Trump team did no additional vetting of Flynn beyond Obama security clearance

Trump team did no additional vetting of Flynn beyond Obama security clearance
The White House has admitted that no other vetting was needed for former national security adviser Michael Flynn beyond the background check conducted by the Obama administration, shifting responsibility for the ongoing scandal to the previous president.

Flynn filled out the government’s Standard Form 86 (SF-86) to renew his security clearance in January 2016, a month after he gave a speech in Moscow at an international conference hosted by RT, even though he was no longer a government employee. Flynn was able to maintain his active clearance because he was the former director of the Defense Intelligence Agency (DIA).

The Department of Defense Office of the Inspector General (IG) has opened an investigation to determine whether Flynn failed to obtain approval prior to receiving payment from a foreign government, Democrats on the House Oversight Committee announced Thursday.

During the daily White House press briefing, press secretary Sean Spicer said the Trump administration welcomes the investigation. When he was asked if the White House was “satisfied” with the transition team’s vetting of the retired lieutenant general, he noted the previous administration approved Flynn’s security clearance.

“General Flynn was a career military officer who maintained a high-level security clearance throughout his career in the military. His clearance was last reissued by the Obama administration in 2016 with full knowledge of his activities that occurred in 2015,” Spicer said.

“I guess my only point is to explain how the process works and who adjudicated that,” he added when asked to clarify.

Spicer also noted, as he had on Wednesday, that it is up to individuals to update their information between clearance reviews. It wasn’t necessary for the Trump transition team or the White House to conduct any further vetting, he implied.

“Every government employee who’s eligible for a clearance goes through the same process... We don’t have a unique process,” Spicer said. “Why would you re-run a background check on someone who was the head of the Defense Intelligence Agency that had and did maintain a high level security clearance?”

Incoming administrations are expected to do additional vetting, however. The Washington Post’s Jennifer Rubin, a conservative blogger, described Spicer’s response as the perfect storm of “the administration’s scandals, secrecy, foreign ties and ineptitude seem[ing] to all come together.” Jason Easley of the left-leaning Politicususa wrote that Spicer “did indirectly admit... that the White House was incredibly lazy and the work on the transition was unprofessional and shoddy.”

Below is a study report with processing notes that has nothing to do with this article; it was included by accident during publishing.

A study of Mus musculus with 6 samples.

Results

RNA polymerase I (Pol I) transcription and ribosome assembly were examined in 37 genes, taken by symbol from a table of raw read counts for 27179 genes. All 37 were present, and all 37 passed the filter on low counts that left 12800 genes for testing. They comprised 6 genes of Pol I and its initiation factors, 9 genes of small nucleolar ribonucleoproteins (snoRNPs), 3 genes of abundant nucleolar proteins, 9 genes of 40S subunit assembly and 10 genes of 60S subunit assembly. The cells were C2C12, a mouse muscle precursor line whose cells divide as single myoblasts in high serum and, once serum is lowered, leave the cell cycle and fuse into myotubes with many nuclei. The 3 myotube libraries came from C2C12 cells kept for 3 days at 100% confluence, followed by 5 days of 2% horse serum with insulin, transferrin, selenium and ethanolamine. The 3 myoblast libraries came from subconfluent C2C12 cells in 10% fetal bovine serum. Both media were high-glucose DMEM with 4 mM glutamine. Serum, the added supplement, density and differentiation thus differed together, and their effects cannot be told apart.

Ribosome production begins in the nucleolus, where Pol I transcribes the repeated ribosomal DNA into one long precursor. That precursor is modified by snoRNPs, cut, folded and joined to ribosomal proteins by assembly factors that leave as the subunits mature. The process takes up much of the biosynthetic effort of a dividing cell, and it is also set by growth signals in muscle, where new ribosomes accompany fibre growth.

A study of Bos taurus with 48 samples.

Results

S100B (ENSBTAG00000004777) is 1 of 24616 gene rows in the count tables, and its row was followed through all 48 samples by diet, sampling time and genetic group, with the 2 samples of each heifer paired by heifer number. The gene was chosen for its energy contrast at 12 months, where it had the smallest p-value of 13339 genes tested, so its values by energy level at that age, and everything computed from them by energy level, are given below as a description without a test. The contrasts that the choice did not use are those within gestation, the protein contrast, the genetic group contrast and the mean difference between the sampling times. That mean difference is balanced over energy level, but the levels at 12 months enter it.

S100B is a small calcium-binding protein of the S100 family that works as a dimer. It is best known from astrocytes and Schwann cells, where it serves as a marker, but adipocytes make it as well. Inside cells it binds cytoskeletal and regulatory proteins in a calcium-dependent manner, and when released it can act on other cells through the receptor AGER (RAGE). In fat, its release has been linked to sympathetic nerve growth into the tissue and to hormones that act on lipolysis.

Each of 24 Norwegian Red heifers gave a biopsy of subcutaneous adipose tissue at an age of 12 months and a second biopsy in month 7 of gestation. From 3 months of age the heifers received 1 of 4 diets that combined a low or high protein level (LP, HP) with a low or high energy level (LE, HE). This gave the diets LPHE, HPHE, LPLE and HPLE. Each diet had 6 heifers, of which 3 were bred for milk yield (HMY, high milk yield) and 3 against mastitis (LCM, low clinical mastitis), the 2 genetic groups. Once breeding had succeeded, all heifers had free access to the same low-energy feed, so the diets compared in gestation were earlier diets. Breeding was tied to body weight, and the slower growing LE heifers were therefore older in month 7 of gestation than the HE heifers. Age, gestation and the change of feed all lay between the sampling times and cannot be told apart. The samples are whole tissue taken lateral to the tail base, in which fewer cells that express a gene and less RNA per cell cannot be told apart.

Both Spicer and Flynn’s attorney have said that the Pentagon knew of Flynn’s visit to Russia. The “DIA’s letter actually confirms” that the DOD “was fully aware of the trip,” lawyer Robert Kelner said in a statement.

Pentagon records showed that the DIA and the US Defense Attache Office in Moscow emailed back and forth in December 2015 “to ensure embassy awareness” of Flynn’s trip to Russia for the RT event. There were also various internal email exchanges at the end of November 2015 “regarding actual and potential interaction” with Flynn. He was in contact with the DIA’s Office of Security “in August and September 2016 for the purpose of updating his foreign travel records.”

Being aware of the trip and approving the trip are not the same thing, however. In October 2014, shortly after Flynn was forced out as DIA director, he was explicitly counseled in a letter from the DIA that he was bound by the Emoluments Clause of the Constitution, which “prohibits receipt of consulting fees, gifts, travel expenses, honoraria, or salary by all retired military personnel, officer and enlisted, regular and reserve, from a foreign government unless congressional consent is first obtained” from the secretaries of defense and state.

Beyond the stated awareness of Flynn’s trip to Russia, such permission was not outlined in an IG letter to the House Oversight Committee, which is also investigating Flynn. In addition, the “DIA did not locate any records referring to or relating to LTG Flynn’s receipt of money from a foreign source,” the letter said. Flynn received more than half a million dollars in combined payments from Turkey and Russia before becoming the national security adviser, and retroactively registered as a foreign agent in early March.

Flynn was forced to resign in mid-February after he “inadvertently briefed the Vice President-elect and others with incomplete information regarding his phone calls with the Russian Ambassador,” he said in his resignation letter.